October 25, 1995|DAVID LAMB | TIMES STAFF WRITER

CASABLANCA, Morocco — In the stately old Union Club, amid chandeliers and dark paneled walls, Gabriel Harrar, a 33-year-old dentist, was explaining what had brought him back home to Morocco after 13 years in France.

"It was a business opportunity," Harrar was saying. "I never intended to stay more than six months. So now six months have become six years, and I can't imagine ever leaving. I have a wife and baby now and my life is here. I feel completely secure."

His three friends nodded, knowing there was nothing unusual about an Arab coming home from Europe or the United States under those circumstances.

But what makes Harrar's return journey interesting is that he is a Jew, and the Union Club where he had met his friends for evening tea is an exclusively Jewish club.

At the royal palace in Rabat, Andre Azoulay, who gave up a 30-year career as a senior bank executive in Paris to return home in 1991, seldom puts in fewer than 12 hours a day as the country's key economic and political planner--an ironic reversal of roles for a man who, as a young leftist newspaper editor here in the '60s, was arrested several times as a troublemaker.

When his phone rings these days, as likely as not King Hassan II is at the other end.

"I feel very comfortable in my position, comfortable knowing I'm trying to do the best I can for Morocco," Azoulay says.

Nothing unusual about that either, except that Azoulay is the king's closest adviser and he, too, is a Jew--the only senior Jewish adviser to any head of state in the Arab world.

David Dadoon has come home too, though in a different way. He left Morocco in 1966 for a new life in a new homeland and now is back, with the rank of ambassador, as the head of the recently opened Israeli Liaison Office in Rabat.

And Marc Ginsberg, the U.S. ambassador to Morocco, spent his teen-age years in the 1960s in Israel.

*

The four men are, each in his own way, symbolic of a Moroccan social experiment that stands in extraordinary contrast to the general intolerance that has blighted the Middle East landscape: Here, where Judaic history dates back 2,000 years, predating the birth of Islam, the relationship between Jew and Arab is marked by harmony, mutual respect and an integration at all levels of society, from government to business.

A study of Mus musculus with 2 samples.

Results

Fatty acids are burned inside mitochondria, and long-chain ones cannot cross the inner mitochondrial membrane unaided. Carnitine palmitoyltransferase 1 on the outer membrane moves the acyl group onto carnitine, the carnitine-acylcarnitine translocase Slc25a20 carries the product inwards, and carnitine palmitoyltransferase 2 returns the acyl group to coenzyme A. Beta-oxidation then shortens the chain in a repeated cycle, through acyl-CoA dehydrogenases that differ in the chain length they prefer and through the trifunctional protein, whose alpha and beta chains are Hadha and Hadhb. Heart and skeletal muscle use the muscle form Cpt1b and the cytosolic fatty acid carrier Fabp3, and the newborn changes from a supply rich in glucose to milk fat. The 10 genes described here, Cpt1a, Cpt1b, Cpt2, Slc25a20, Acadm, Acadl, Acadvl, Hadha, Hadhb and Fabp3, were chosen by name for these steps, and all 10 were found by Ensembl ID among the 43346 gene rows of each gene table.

"If you look at it historically, it's better to have been a Jew in Morocco than in Europe," says Serge Berdugo, a contractor and former minister of tourism. "First of all, we were protected in World War II. The king saved us from the Holocaust. And two, in Morocco today, and I hope forever more, we lead full and free lives, with all the traditions and values of being a Jew."

Although the Moroccan Jewish community is a shadow of its former self after shrinking from 350,000 in 1950 to about 10,000 today, it is the largest and most secure Jewish community remaining in the Arab world, and it retains all the institutions of Jewish life, including synagogues, a home for the elderly, schools, clubs, kosher restaurants and a Hebrew-speaking culture.

When combined with the nearly 1 million Moroccan Jews scattered throughout the world, including 650,000 in Israel, the Jewish community here gives Hassan influence far beyond his own borders. For nearly 20 years, he has played a key off-stage role in the Middle East peace process, arranging the secret meetings between Egyptians and Israelis that led to President Anwar Sadat's dramatic visit to Jerusalem in 1977 and continuing to host meetings that bring Israelis and Arabs together at senior levels.

"What we hope," says George Berdugo, a lawyer who sees no contradiction in being an Arab nationalist with strong spiritual ties to Israel, "is that others in the region will understand that although the situation in Morocco is unique, it can also be normal. Jews and Arabs can live together."

The changing climate in the Middle East is eroding, if ever so slowly, old psychological and physical barriers.

With the opening nine months ago of the Israeli Liaison Office--an embassy in all but name--trade between Morocco and Israel, once conducted covertly through third countries, is up 50%. Last year, Israel bought Morocco's entire crop of tomato seeds.

Tourism is booming, and nearly 30,000 Israelis of Moroccan descent are expected to visit this year. Weekly charter flights, still routed for political reasons through Spain, are booked solid until January. Hotels in Casablanca are full of Hebrew-speaking guests, a onetime oddity that no longer even turns a head or raises an eyebrow.

"For me, what is happening is marvelous," says Azoulay, the king's adviser. "We are just starting the process of coming out of a century of hatred and death and violence of Jews and Muslims.